ACT UP:
EVALUATING SOURCES

We need to move away from passive media consumption. You don't have to drink the koolaid. We need to think critically about the resources we are using and citing in our projects. Professors - we need to think critically about the resources we assign our students to read. We all have a social responsibility to share information that is true. This makes us informed cultural producers of information every time we repost, retweet, or share information with our friends, followers, and interweb folx.

  • To ACT UP means to act in a way that is different from normal. Normal is defined as heteronormative, white, cisgendered, male and christian (just to name a few). Normal means patriarchy and the systemic oppression of marginalized groups.


  • To ACT UP means to actively engage in dismantling oppressions.


  • To ACT UP means pushing against dominant narratives, oppressive hierarchies of knowledge production, and academic ivory tower definitions of expertise and scholarship.


  • ACT UP (AIDS Coalition to Unleash Power) is also a direct action advocacy group working to help those living with AIDS. While most thik of ACT UP as being active in the 1980's, the work of ACT UP is still being done today. Remember, social justice change take time.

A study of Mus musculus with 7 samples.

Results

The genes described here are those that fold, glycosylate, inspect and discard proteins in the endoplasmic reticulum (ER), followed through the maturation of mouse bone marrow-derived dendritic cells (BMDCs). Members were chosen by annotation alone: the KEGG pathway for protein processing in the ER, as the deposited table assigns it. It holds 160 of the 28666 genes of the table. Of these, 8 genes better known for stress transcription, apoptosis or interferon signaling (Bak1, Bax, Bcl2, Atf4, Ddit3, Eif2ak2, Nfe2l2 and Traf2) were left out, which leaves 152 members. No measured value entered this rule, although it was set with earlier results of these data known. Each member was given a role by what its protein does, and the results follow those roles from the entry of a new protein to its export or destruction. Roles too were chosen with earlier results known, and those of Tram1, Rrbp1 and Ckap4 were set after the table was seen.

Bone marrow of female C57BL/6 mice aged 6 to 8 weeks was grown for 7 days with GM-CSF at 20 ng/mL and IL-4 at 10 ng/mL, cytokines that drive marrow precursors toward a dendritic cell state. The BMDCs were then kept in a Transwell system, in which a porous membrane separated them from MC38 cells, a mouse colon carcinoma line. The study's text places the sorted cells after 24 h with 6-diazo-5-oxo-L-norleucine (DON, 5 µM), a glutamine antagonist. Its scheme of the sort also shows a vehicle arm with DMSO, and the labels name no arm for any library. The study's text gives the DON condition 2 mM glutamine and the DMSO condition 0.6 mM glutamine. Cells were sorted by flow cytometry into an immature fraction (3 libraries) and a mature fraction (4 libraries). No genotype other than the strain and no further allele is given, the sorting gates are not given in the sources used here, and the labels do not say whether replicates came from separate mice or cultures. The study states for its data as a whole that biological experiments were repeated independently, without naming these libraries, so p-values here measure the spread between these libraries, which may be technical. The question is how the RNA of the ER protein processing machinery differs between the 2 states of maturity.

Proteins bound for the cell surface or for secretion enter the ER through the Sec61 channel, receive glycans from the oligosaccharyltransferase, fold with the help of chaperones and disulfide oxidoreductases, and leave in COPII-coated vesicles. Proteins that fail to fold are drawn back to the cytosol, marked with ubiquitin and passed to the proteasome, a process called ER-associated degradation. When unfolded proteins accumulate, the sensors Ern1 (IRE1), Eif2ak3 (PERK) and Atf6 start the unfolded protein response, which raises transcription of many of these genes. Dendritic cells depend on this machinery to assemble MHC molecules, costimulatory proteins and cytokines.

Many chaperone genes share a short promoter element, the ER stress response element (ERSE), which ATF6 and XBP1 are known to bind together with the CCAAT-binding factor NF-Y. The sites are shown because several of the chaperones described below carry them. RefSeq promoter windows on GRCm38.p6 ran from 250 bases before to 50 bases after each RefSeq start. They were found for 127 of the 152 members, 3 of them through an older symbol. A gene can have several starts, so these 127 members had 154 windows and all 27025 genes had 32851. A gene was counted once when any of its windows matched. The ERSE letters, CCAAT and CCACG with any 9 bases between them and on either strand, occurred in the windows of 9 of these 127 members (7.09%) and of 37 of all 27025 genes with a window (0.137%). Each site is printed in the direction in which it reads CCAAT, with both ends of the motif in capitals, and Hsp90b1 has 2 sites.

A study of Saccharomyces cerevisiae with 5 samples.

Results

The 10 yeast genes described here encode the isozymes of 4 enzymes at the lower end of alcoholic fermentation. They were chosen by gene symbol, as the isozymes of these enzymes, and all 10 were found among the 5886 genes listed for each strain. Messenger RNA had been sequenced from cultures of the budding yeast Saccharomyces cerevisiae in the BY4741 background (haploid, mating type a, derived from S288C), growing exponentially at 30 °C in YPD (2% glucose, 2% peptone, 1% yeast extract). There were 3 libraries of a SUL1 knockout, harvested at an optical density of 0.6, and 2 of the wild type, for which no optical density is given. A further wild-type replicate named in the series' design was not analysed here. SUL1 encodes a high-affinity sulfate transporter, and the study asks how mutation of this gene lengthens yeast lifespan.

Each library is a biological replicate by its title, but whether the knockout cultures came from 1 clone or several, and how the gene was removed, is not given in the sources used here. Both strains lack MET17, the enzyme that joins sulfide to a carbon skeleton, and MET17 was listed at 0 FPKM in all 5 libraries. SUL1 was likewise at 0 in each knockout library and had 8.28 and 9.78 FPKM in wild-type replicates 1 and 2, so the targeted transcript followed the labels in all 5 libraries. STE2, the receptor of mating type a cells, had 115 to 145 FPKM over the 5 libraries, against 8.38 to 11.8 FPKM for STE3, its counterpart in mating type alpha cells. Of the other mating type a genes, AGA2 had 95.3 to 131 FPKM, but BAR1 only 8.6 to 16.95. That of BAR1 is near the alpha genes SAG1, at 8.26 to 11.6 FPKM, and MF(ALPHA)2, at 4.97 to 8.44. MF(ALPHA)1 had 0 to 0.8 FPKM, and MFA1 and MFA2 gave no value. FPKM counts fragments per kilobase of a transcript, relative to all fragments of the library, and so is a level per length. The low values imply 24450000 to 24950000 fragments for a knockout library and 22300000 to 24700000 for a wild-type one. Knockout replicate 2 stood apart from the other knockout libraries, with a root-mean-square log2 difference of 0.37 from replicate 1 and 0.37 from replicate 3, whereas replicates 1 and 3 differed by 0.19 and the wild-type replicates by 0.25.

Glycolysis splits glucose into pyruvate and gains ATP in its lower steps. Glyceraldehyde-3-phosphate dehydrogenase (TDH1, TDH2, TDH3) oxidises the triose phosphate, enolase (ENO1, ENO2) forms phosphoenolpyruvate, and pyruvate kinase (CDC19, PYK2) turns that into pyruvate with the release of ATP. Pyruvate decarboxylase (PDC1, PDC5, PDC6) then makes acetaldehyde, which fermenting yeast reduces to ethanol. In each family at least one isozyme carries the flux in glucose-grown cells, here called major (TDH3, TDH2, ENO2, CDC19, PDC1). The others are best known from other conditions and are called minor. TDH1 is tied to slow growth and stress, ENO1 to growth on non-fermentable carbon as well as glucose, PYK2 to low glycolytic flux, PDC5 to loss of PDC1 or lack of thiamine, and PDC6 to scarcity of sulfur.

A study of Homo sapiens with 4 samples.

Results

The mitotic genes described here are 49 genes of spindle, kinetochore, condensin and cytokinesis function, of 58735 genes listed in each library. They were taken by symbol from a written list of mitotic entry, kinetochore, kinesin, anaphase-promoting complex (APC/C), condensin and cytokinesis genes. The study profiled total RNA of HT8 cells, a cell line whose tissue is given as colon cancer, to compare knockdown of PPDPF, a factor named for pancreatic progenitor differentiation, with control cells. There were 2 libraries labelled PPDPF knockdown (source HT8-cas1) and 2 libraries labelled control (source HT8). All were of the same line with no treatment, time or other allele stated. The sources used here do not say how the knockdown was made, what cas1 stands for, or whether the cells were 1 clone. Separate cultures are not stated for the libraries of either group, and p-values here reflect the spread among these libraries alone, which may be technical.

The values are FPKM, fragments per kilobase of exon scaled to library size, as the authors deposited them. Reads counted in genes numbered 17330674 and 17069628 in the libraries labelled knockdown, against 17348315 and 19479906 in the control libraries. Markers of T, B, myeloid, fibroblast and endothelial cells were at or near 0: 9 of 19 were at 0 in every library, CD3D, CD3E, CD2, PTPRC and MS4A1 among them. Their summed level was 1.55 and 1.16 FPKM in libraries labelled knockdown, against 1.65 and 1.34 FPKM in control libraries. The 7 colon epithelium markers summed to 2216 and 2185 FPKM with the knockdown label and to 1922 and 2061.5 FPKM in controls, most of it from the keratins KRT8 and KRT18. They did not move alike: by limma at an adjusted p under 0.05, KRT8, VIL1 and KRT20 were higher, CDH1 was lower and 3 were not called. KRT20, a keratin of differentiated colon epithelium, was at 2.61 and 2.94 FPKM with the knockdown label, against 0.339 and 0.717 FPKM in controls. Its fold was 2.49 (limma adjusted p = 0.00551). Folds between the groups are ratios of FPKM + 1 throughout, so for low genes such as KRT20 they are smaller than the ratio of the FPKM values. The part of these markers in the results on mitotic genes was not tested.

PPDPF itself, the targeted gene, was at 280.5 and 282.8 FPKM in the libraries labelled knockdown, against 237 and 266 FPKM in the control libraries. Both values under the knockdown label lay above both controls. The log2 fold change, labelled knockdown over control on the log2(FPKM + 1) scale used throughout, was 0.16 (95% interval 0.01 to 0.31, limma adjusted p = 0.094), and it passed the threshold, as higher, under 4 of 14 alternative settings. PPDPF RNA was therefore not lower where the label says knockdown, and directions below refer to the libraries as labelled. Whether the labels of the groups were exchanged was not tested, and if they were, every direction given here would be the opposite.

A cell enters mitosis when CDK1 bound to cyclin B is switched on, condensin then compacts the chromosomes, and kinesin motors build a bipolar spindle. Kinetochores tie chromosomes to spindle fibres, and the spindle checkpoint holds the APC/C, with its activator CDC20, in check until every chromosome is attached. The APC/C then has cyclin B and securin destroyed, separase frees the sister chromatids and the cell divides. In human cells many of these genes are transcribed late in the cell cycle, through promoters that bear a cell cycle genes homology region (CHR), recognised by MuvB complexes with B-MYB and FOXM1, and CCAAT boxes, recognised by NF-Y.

Creator of the ACT UP Evaluation Method

Dawn Stahura is a research librarian, educator, and artist from Salem, Massachusetts currently working as an Associate Librarian at Salem State University. She has a B.A. in Creative Writing and an A.A.S. in Business Management. She earned her M.L.S. from Indiana University in 2009. She is an instructor of Critical Information Literacy and Social Justice at the Library Juice Academy and is the creator of the ACT UP evaluation method which considers the role privilege plays in publishing and access to information.

Dawn teaches a variety of library instruction sessions on critical information literacy as well as conducts research appointments with students and faculty. She is heavily involved in using zines in the classroom to strengthen student scholarship and research skills while making space for students to engage with critical creativity and open pedagogy. Outside of academia, Dawn publishes her own zines, is on the Board of Directors of the Papercut Zine Library in Boston, and leads creative arts workshops at the Salem Public Library for kids and teens.